A new law removing the personal exemption for the measles, mumps and rubella (MMR) vaccine will help increase the number of Cowlitz County children immunized against the diseases, health officials said.
The measure was delivered to Gov. Jay Inslee last week and is awaiting his signature.
Washington law requires children attending schools and child care facilities to be immunized against certain diseases. It allows parents to exempt their child from the immunization requirements for medical, religious or personal reasons. The new law removes that personal exemption only for the MMR vaccine.
Opponents of the legislation argued the measure takes away parental rights. Informed Choice Washington, an organization that advocates for “scientific integrity in vaccine policy and true informed consent,” held rallies at the state Capitol opposing the bill.
All of Cowlitz County’s state representatives and senators except Sen. Dean Takko, D-Longview, voted against the final version of the measure, citing concerns about removing parental rights.
Dr. Alan Melnick, public health officer for Cowlitz and Clark counties, said something that got lost in debate is the right of families whose children who can’t be immunized for medical reasons. People with weak immune systems, severe allergies to a vaccine ingredient or other medical conditions often can’t get the vaccines. People who choose not to vaccinate children put those kids at risk, he said.
“Parents who have kids who can’t get the vaccine, where are their rights?” Melnick said. “What about the rights for those kids to attend school without worrying about some horrible complication?”
About 5 percent of Cowlitz County kindergartners had an exemption to vaccinations for the 2017-2018 school year, according to school immunization record data published by the state Department of Health. Of those, 3.7 percent were for personal reasons.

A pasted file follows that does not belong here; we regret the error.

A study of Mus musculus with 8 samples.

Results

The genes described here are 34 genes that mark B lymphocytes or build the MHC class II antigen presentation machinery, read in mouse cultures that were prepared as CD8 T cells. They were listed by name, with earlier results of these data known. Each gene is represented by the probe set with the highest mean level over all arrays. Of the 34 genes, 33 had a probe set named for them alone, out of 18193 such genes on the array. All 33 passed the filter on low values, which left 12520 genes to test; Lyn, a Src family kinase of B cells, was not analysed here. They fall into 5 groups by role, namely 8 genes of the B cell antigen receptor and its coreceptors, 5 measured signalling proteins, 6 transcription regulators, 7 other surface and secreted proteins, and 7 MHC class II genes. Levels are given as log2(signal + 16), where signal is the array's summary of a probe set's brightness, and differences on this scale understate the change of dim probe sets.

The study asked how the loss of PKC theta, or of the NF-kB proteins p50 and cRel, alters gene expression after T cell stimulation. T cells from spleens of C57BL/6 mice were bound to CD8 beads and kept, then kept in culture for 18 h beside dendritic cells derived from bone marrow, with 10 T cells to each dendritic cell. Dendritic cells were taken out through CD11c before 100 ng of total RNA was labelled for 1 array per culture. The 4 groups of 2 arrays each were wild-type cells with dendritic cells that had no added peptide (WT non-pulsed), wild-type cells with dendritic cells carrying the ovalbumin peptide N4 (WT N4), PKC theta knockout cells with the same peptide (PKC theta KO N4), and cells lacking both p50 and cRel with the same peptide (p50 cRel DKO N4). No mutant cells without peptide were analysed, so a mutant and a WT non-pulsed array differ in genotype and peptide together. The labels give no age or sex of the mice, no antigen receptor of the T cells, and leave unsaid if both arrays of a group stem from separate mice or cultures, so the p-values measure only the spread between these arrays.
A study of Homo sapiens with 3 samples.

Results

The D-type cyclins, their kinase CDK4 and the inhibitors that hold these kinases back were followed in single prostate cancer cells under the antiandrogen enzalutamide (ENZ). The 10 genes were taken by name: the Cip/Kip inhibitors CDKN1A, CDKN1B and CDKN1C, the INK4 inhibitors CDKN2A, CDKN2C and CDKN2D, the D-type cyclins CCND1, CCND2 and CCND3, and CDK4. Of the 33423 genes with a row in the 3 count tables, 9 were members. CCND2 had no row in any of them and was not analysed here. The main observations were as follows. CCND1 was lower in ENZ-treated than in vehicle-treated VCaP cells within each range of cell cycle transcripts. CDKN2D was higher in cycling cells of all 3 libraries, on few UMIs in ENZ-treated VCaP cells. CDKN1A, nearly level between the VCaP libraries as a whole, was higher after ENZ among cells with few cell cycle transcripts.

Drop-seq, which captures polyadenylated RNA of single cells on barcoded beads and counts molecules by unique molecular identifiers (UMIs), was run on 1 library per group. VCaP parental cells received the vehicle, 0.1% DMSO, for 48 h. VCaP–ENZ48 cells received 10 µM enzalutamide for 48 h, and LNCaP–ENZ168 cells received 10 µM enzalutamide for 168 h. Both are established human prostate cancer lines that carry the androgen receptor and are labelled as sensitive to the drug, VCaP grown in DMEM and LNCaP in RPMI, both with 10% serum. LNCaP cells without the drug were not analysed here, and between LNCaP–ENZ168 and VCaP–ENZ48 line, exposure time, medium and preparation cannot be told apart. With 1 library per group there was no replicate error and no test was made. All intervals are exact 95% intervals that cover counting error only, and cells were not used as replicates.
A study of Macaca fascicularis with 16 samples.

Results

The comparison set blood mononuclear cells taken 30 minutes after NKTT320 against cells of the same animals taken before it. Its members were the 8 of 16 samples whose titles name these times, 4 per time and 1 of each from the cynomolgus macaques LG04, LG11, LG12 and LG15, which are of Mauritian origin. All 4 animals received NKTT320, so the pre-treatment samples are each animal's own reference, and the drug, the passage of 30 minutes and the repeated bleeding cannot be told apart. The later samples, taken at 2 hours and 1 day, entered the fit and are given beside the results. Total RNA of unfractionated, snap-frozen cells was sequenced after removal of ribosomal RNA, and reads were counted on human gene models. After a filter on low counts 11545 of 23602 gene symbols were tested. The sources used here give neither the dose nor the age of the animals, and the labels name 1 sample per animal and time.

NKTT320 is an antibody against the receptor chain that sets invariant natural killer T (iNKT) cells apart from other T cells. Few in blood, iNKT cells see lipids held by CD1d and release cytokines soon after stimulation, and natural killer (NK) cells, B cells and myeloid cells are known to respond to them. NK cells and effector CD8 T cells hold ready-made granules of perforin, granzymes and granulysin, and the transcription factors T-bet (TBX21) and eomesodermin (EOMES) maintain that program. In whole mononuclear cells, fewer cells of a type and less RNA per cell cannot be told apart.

According to the school data, 92.7 percent of Cowlitz County kindergartners completed their MMR immunization.
That’s a big increase from the overall immunization rate of about 20 years ago, which hovered around 50 percent, said Paul Youmans, director of Pathways 2020. Increasing immunization rates in the county was a goal of the organization over the last 20 years, he said.
“It’s a matter of schools and clinics and parents being aware that the health of their children and their neighbors’ children is really important,” he said.
However, Melnick said the school records need to be “taken with a grain of salt” because they are only updated at the start of each school year and don’t include homeschooled children. The other source of state vaccination data comes from the Washington Immunization Information System. According to the system, 67.6 percent of Cowlitz County 4-to-6-year-olds received both doses of the MMR vaccine in 2017. That’s only slightly higher than the statewide average of 67 percent.
Melnick and Youmans said the new law should help increase that rate.
Melnick said the new law should also help prevent an outbreak similar to Clark County’s measles outbreak this winter. The outbreak of 71 confirmed cases was officially declared over on April 29. There were no cases in Cowlitz County, but national concern continues.
From Jan. 1 to April 26, 704 cases of measles have been confirmed in 22 states. This is an increase of 78 cases from the previous week. This is the greatest number of cases reported in the U.S. since 1994 and since measles was declared eliminated in 2000, according the Centers for Disease Control.
“I’m feeling happy that this outbreak is over but not feeling complacent or smug thinking it won’t happen again,” Melnick said of Clark County’s outbreak.
Health officials need to reach out to religious communities and “vaccine-hesitant” parents and listen to their concerns without judgment, Melnick said. Common concerns about vaccinations include adverse reactions, links to autism and potentially harmful ingredients.
“They’ve heard this misinformation, and they’re scared about it,” he said.
According to the state Department of Health, serious reactions to vaccinations are rare, vaccines and autism are unrelated and parents can receive details about vaccine ingredients if they are concerned.